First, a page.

Wiretapping Case Has Hollywood Celebs on Edge
MADELINE BRAND, host:
From NPR News this is DAY TO DAY. Los Angeles is embroiled in its own wiretapping scandal and it has all the makings of a film noir. Indictments are flying in a case involving private eye Anthony Pellicano. He was allegedly paid to spy on scores of Hollywood celebrities, including Keith Carradine, Sylvester Stallone and Gary Shandling.
This week the lawyer for billionaire investor Kirk Kerkorian was indicted for allegedly paying Pellicano to wiretap Kerkorian's ex-wife during their child support battle. Joining me now is Los Angeles Times reporter Greg Kerkorian, who is covering this story. And welcome to the program.
Mr. GREG KERKORIAN (Reporter, Los Angeles Times): Thank you very much.
BRAND: And let's just note first off that you're not related to Kirk Kerkorian in any way.
Mr. KERKORIAN: Not so far as I know.
BRAND: Okay. So apparently the feds say that they have taped conversations between Pellicano and his clients. And this must be making Hollywood very nervous.
Mr. KERKORIAN: It has. It's made the legal community in Los Angeles, I think, also very nervous. The case began about three and a half years ago, actually, and it really began with a look into a threat against a former Los Angeles Times reporter who was working on a story about someone in Hollywood, Steven Seagal.
BRAND: Steven Seagal, was he an alleged victim of the wiretap or was he one of the clients of Pellicano?
Mr. KERKORIAN: No, he was, when the threat occurred with Anita Busch, she and another reporter at the L.A. Times were working at that point on a story that involved Steven Seagal. The implication was, at the time, that he must have had something to do with the threat, because he was not excited about the story that they were working on. So he would not have been, I don't know if you could classify him as a victim or a suspect, because he was really neither. He was just somebody that was caught up in this thing. The FBI got involved in this investigation.
They raided Pellicano's offices and that's where they first came up with these tapes and this other evidence that they claim, we've never seen it or heard it, but that's where they hauled away a lot of documents and that's where this investigation began.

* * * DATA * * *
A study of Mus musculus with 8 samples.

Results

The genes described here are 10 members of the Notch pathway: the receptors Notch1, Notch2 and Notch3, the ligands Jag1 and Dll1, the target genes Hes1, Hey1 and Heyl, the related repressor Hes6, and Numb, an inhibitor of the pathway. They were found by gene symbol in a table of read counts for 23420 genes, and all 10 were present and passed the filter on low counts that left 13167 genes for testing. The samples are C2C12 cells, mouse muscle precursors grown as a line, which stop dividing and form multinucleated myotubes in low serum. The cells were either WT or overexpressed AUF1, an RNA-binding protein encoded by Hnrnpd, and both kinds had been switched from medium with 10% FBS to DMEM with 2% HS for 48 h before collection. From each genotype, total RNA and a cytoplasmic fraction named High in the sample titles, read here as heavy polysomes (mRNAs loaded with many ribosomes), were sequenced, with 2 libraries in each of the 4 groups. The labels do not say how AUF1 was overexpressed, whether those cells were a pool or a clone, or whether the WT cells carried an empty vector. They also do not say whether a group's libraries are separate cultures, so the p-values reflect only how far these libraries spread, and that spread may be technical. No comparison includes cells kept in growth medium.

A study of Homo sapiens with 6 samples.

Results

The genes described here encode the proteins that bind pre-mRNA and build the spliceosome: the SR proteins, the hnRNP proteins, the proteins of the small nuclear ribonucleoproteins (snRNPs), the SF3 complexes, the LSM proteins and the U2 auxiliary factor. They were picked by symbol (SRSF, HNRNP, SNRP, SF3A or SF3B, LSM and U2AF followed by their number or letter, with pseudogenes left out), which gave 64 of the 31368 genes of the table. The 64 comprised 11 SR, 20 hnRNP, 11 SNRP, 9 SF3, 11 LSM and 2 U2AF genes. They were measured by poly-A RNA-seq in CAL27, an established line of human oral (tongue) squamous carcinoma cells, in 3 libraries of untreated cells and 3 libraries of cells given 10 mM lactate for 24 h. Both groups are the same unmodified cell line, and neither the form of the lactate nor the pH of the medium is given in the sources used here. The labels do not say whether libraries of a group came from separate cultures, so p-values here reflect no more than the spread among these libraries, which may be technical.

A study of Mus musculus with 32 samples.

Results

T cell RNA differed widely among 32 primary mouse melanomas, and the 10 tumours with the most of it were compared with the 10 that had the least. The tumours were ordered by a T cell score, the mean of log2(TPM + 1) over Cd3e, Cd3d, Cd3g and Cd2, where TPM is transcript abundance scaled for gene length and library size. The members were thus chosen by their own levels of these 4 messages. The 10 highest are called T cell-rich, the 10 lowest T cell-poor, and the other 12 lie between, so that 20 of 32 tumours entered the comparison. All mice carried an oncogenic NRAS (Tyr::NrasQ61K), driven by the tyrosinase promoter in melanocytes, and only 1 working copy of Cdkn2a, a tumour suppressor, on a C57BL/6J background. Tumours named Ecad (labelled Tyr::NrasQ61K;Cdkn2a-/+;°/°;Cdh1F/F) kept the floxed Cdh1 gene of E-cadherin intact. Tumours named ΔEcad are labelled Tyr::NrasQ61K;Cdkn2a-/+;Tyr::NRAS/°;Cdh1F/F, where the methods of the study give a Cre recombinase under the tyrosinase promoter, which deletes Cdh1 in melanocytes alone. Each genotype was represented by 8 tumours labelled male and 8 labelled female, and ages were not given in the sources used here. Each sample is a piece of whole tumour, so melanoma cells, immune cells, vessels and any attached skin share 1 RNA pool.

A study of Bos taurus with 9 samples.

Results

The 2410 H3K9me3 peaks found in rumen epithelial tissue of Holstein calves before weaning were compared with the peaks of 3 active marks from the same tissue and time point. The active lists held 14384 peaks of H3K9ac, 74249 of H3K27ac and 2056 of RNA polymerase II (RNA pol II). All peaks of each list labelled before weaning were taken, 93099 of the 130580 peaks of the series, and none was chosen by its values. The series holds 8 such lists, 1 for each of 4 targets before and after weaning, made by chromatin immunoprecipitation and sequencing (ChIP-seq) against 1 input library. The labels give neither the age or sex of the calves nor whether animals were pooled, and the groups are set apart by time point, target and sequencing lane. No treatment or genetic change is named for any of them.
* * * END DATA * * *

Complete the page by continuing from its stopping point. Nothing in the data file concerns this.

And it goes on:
BRAND: And the latest twist in this investigation was this week with the indictment of Kerkorian's lawyer. Tell us about that.
Mr. KERKORIAN: Well, it was a surprise to a lot of people, I think, because his was not a name that was commonly associated with Pellicano. Terry Christensen is well known, but not too many people knew that he had worked with Pellicano. So when his name surfaced in the indictment this week it really, I think, stunned a lot of people.
BRAND: Now, did the Feds themselves wiretap Pellicano to get this information or are they using the wiretaps that Pellicano allegedly made?
Mr. KERKORIAN: To the best of our knowledge the evidence that they have compiled so far really comes from Pellicano's office for the most part. No evidence whatsoever that they have used anybody or put anybody on a wiretap themselves to gain information about Pellicano, but that remains to be seen. This has been a very closely held investigation. We really have only gotten bits and pieces of it. Don't forget it's been underway for more than three and a half years and there have been periodic rumors that indictments would happen, but they've only surfaced this past six weeks.
BRAND: Well, who else may be at the top of the feds list in terms of who they might be interested in?
Mr. KERKORIAN: That's a good question. You know, they've already charged twelve people in this case, although most of these people seem to be sort of secondary players. They allegedly helped Pellicano in his alleged enterprise. And you know, we could have some arrests within the next few weeks.
BRAND: Greg Kerkorian is a reporter for the Los Angeles Times covering the Anthony Pellicano story in all its crazy twists and turns. Thank you for joining us.